MASSENA, N.Y. – OK, St. Lawrence River. Now you’re just showing off.
The weights at the Toyota Series Northern Division finale are simply insane after Day 1, with the potential to break records if it keeps up. That means leader Jason Kervin has zero room to breathe, as despite catching nearly 24 pounds today, five more anglers cracked the 23-pound mark, too.
It takes a long time to run 90 miles in a bass boat. In a walleye boat like Gary Miller’s?
“About two hours with a gas stop,” Miller said of his Ranger 522D. “Even longer on the way back with the fish.”
Still, when you have the ability to fish both shallow and deep – he said the shallow bite fired when it was sunny first thing in the morning, switching deep once the clouds rolled in – to catch your fish like he does, it’s worth it even if he had only four hours to fish.
Then again, today was his long day. Tomorrow, time will be even more of a premium.
“Tomorrow being my short day could be a factor,” Miller said. “But I’m going down there. We left so many fish there.”
Most people were blown away by today’s weights. Jonathan Kelley was not one of them.
“It’s what this place has turned into,” Kelley said. “I’m not surprised by the weights. It’s all about catching those 21-22 pounds multiple days to compete.”
Now, Kelley admitted the river is fishing tougher than usual, as he only got nine bites today, but a lot of that he chalked up to the wind making it hard to present his lures correctly. But also, because the water temperatures are higher than you typically see this time of year. With the wind and colder weather coming in today, though, he’s excited for what could be in store.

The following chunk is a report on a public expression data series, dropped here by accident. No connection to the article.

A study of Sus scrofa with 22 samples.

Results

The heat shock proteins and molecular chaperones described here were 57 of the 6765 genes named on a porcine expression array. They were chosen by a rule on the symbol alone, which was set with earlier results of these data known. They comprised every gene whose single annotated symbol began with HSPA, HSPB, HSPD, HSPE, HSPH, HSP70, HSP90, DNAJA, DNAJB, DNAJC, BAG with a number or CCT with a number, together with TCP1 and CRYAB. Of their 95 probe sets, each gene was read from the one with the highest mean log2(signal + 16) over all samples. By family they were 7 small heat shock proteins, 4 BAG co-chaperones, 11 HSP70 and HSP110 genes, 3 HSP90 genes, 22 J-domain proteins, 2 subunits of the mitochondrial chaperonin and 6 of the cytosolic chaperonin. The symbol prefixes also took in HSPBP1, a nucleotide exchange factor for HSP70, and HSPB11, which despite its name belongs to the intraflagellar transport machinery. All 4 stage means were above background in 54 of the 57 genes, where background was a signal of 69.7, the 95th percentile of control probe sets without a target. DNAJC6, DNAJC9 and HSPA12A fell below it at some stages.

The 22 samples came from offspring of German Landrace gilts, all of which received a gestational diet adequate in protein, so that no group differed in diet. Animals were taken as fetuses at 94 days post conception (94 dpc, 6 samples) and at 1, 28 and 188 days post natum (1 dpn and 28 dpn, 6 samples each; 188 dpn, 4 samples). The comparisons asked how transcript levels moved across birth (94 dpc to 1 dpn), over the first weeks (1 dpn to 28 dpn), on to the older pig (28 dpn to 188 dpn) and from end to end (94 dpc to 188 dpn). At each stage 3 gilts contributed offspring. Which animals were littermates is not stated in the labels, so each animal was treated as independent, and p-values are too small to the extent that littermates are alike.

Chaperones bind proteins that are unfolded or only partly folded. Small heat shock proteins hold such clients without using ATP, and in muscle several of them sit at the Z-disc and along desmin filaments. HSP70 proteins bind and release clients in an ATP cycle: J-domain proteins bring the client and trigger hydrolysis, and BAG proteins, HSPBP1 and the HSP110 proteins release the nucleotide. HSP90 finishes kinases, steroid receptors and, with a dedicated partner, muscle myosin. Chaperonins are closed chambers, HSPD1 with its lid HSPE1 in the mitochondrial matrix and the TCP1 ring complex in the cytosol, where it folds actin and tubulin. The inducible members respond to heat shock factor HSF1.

“The water temperature is going to plummet the next couple days,” Kelley said. “That could help, but I don’t know how fast. It should put more fish together, which would be great for me. I’m running as far as you can go and have saved some stuff that was too rough to fish today and maybe even tomorrow. But I’ll fish it Saturday if I’m fortunate enough to make it.”
Three drifts. That’s all Chad Mrazek has, but it seems it may be all he needs.
Fishing 50 minutes from takeoff, the young pro found three shoals that, while not producing much in practice, seemed to have a lot of potential. Today, potential became reality in a hurry.
“I left my fish early,” Mrazek said. “I rotated between the three drifts, but I caught all my weight the first drift on each spot.”
Despite the limited time, he’s already getting so dialed in on his drifts that he can pretty much call when he’s going to get bit, and considering two of his bites were 6- and 5-pounders, he figures there’s no reason to worry about expanding beyond his three drifts just yet.
A Top 5 bag on the pro side and the largest bag of the day (that’s the leading bag on the Strike King co-angler side) all from the same boat? Yeah, a lot went down in Brent Anderson’s boat today.
Because he’s been guiding on the river since July, Anderson told family and friends he would be disappointed bringing in anything less than 23 pounds a day. So, mission accomplished today.
Then again, what he didn’t expect was his co-angler, Matthew Kremers, to crack the biggest of the day behind him (24-5), nor for him to do it so quickly.
“He had his weight by noon, when I only had 14 pounds,” Anderson said. “I didn’t have mine until 2:30 p.m. and that was only because he quit using what he was using. I’m glad he did. But I was throwing back 3 ½-pounders even before I had a limit because I knew they weren’t going to get it done.”